Wednesday, April 10, 2024

Article provided by the SCGA

A cautionary tale from semi-rural Santa Barbara County to remind you that the pressure to repurpose golf courses is not just a phenomenon in California’s densely packed urban cores.

Glen Annie Golf Club in an area of unincorporated Santa Barbara County close to UC Santa Barbara has long been zoned “agricultural,” along with the rest of the open space and avocado orchards surrounding it. Given that efforts to construct housing to meet the needs of an exploding student population at nearby UC Santa Barbara have long been met with failure in the planning processes of Santa Barbara County, the owners of Glen Annie understood that unless they preferred harvesting avocados to greens fees, any effort to develop their land for residential or commercial purposes was an exercise in futility.

Not anymore. Faced with the threat of the “builders remedies” that would follow from failing to offer up substantial tracts of land for housing development, the Santa Barbara County Planning Commission April 1 took a long-anticipated action to rezone substantial tracts of agricultural properties as residential in order to keep the State of California at bay. Glen Annie will soon be free to sell the property per a residential valuation that is multiples of a golf course.

The same process of market capitalism that destroyed the daily fee market in the City of Los Angeles is now in the process of operating in rural Santa Barbara County, and by implication is likely to be duplicated in other rural communities that have failed to meet the state’s onerous new housing element requirements.

Excerpted from the item approving the rezoning of the land beneath Glen Annie and roughly 17 other large tracts of unincorporated Santa Barbara County land:

“The HEU rezone amendments would primarily create the potential for new housing on infill sites in the existing Urban Area. However, the amendments would facilitate some new housing development on sites currently located within the Rural Area. For example, the Glen Annie site is located in the Rural Area and would transform a golf course surrounded by natural areas and agricultural uses into an urban residential neighborhood with up to 40 units per acre in some areas on the site. Rezoning of this site and others in the Rural Area require an expansion of the Urban Area boundary. As such, the proposed Land Use Element and Coastal Land Use Plan amendments (Attachment C, Exhibits 1 and 4 to the staff report, respectively) include amendments to the South Coast Rural Region Land Use Designation Maps and Goleta Land Use Designation Map to expand existing or create new Urban Areas to encompass these rezone sites. As mentioned above, the County identified all available urban infill rezone sites that had a reasonable likelihood of developing within the eight-year planning period. However, these sites were not enough to satisfy the County’s RHNA plus the 15 percent buffer for the lower- and moderate-income levels. As a result, the County was obligated under State housing element law to identify other available sites outside the Urban Area, such as Glen Annie. Though these sites are located in the Rural Area, they would create logical extensions of existing urban areas and neighborhoods as they are adjoined by existing residential uses and city boundaries.”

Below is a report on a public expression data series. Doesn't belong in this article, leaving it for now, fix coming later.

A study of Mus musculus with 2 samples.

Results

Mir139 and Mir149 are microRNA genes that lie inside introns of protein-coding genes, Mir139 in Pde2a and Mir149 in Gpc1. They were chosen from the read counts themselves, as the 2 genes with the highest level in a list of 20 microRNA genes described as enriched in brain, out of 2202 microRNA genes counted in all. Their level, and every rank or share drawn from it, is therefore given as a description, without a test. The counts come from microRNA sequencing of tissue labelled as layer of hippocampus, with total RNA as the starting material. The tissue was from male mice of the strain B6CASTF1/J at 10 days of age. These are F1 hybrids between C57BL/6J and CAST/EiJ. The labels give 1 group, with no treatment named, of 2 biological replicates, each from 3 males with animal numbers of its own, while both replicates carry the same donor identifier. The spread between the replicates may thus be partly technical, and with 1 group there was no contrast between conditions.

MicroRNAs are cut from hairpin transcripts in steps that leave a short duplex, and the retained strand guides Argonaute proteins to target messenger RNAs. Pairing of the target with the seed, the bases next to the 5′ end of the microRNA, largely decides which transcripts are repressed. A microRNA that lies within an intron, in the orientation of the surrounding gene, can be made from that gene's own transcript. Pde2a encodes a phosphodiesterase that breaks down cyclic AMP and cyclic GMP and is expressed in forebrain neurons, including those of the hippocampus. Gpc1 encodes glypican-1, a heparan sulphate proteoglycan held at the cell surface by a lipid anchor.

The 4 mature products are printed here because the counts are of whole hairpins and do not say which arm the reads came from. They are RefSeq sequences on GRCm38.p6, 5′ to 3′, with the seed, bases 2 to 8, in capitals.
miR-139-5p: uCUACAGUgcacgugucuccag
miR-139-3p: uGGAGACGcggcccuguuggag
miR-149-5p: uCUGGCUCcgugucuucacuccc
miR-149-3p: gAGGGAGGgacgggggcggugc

It should not be lost on anyone that Glenn Annie GC is in the same unincorporated area of Santa Barbara County as another golf course that closed not too long ago – Ocean Meadows, a 9-hole regulation golf course adjacent to the Isla Vista community that sits between where Ocean Meadows once was and the UC Santa Barbara campus. Built in the 1960’s as a 9-hole golf course, Ocean Meadows’ business plan was from that inception to add another 9 holes as the population of the region grew. As later Sandpiper in the 1970’s and Glen Annie in the 1990’s opened for business in the same area, that never happened. But what did happen was a public call aided by environmentalists, land conservancies, and UC Santa Barbara, which was among the first American universities to offer an Environmental Science Major, to add the land occupied by Ocean Meadows back to the contiguous wetlands to which it was originally a part – a “call” funded by state/federal grants, the land conservancy attached to the contiguous wetlands, and UC Santa Barbara.

Two publicly accessible golf courses (and practice facilities) one lost and one likely to be lost to higher and better economic suitors – in one case (Glen Annie) private sector higher and better suitors and in the other (Ocean Meadows) public sector higher and better suitors – a dual squeeze that works consistently over time to reduce California’s stock of golf courses. Again, NOT all in the state’s densely packed urban communities.